The Deputy Controller of BBC Radio 1 was forced to defend DJ Chris Moyles after accusations of homophobia from both the media regulator and a distinguished broadcaster at an industry event. But Moyles was not given a full seal of approval.

BBC Radio 1′s Deputy Controller Ben Cooper speaking at the Guardian’s Radio Reborn conference, stopped short of guaranteeing that Moyles would be presenting the prime Breakfast programme in a years time. Instead, Mr Cooper said Moyles would remain in post “so long as he keeps connecting with the young audience”.

He described Moyles as “an excellent broadcaster who has made a couple of mistakes in five-and-a-half years on breakfast”.

“Make sure that you keep listening and you will find out by listening every day,” he added.

Last week, The Sun claimed that Moyles would be sacked, prompting the presenter to launch a 12 minute tirade against the newspaper. Responding to questions relating to the incident, Mr Cooper said: We have got contracts to negotiate … I think he is a very good broadcaster and I want him to stay on breakfast so long as he keeps connecting with the young audience we want him to.”

Another speaker, the veteran broadcaster Paul Gambaccini said that Moyles encouraged homophobic bullying when he mimiced the gay singer Will Young: “Moyles encourages bullying and causes human suffering. It brings us all down in this world. We have a lot of responsibility.”

Singing an alternative version of Young’s single ‘Leave Right Now’, Moyles sang: “Oooh Will Young here, mmmmh. I’m here, it’s Will’s birthday and as the years go by I get more very gay. When you saw me years ago you didn’t know, but now I’m the gayest fella you probably know. mmm I like to wear a silly hat, I get camper by the hour, oh would you look at the muck in here. I’m Will Young and I’m gay.”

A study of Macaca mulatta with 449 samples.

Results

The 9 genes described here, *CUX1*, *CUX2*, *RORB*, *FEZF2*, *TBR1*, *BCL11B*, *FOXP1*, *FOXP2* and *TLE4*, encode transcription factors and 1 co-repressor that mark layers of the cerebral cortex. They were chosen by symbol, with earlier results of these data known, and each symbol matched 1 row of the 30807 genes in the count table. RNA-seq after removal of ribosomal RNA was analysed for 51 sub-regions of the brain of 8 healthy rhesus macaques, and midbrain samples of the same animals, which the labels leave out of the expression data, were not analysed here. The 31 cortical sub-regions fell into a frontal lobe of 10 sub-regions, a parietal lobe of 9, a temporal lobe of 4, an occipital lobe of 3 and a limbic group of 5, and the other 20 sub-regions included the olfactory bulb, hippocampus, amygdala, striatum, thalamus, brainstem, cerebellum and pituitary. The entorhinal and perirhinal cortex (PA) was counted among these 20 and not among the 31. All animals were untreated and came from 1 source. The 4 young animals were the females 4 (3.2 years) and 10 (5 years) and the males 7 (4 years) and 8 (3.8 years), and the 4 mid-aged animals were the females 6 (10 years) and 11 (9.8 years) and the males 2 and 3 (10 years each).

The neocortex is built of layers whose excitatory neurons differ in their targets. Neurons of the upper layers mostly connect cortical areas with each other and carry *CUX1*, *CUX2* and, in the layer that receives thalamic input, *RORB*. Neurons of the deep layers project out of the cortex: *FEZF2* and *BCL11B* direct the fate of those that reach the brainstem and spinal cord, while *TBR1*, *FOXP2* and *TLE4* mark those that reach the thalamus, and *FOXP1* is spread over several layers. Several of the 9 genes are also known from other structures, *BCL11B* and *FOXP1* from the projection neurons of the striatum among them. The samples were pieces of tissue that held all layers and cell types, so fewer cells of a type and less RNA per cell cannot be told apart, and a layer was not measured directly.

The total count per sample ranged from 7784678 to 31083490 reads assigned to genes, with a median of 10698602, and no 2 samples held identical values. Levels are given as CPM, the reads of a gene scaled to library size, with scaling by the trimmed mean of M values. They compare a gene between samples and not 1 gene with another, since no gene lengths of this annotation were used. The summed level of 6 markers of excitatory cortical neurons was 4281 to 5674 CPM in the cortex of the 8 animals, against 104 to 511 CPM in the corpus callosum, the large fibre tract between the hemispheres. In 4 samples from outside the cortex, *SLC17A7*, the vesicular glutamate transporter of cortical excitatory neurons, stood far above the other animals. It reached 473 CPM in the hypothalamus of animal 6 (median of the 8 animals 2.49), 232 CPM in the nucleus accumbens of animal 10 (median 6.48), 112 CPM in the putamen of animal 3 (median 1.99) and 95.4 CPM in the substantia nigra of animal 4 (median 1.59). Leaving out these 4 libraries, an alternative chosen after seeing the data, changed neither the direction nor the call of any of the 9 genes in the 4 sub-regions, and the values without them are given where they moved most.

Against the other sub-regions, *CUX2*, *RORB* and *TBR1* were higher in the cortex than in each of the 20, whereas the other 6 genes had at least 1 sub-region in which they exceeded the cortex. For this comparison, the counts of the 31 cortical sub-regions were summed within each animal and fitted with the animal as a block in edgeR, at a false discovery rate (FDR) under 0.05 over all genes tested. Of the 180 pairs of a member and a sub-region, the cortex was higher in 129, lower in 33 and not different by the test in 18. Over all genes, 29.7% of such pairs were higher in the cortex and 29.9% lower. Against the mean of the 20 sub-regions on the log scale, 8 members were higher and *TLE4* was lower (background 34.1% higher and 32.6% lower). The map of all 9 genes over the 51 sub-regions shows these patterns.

When singing his alternative version of ‘Evergreen’, Chris Moyles broadcast the lyrics: “It’s my birthday, gonna wear my new dress tonight. And I smell nice. I’ve had a shower and I’ve shaved my legs. Going out later, might go to Nob-oooh for dinner.”

The BBC was found in breach of the Broadcasting Code by Ofcom for the broadcast but was not fined. In 2006, Moyles was voted Stonewall’s ‘Bully of the Year’ after he refused to apologise for describing a ring tone that he didn’t like as “gay.”

Radio 1 boss Will Cooper said: “If I thought he was a bully or if I thought he was homophobic then I would take him off.”

“Now if Chris says something you can take it out of context, cut it out, send it on emails to all sorts of groups of people with all sorts of opinions very different to those of the people who listen to the show and it has a momentum of its own.

“We are in a very different culture but we have to respond to that culture. Moyles has to walk a very tight line and he does very well most days.”

But he added: “I am always looking at changes. Over the last five years pretty much every year we have had tweaks and changes. I am always going to be looking at the schedule and how it can be improved. I am passionate about Radio 1 and I want it to sound its best for a young audience.”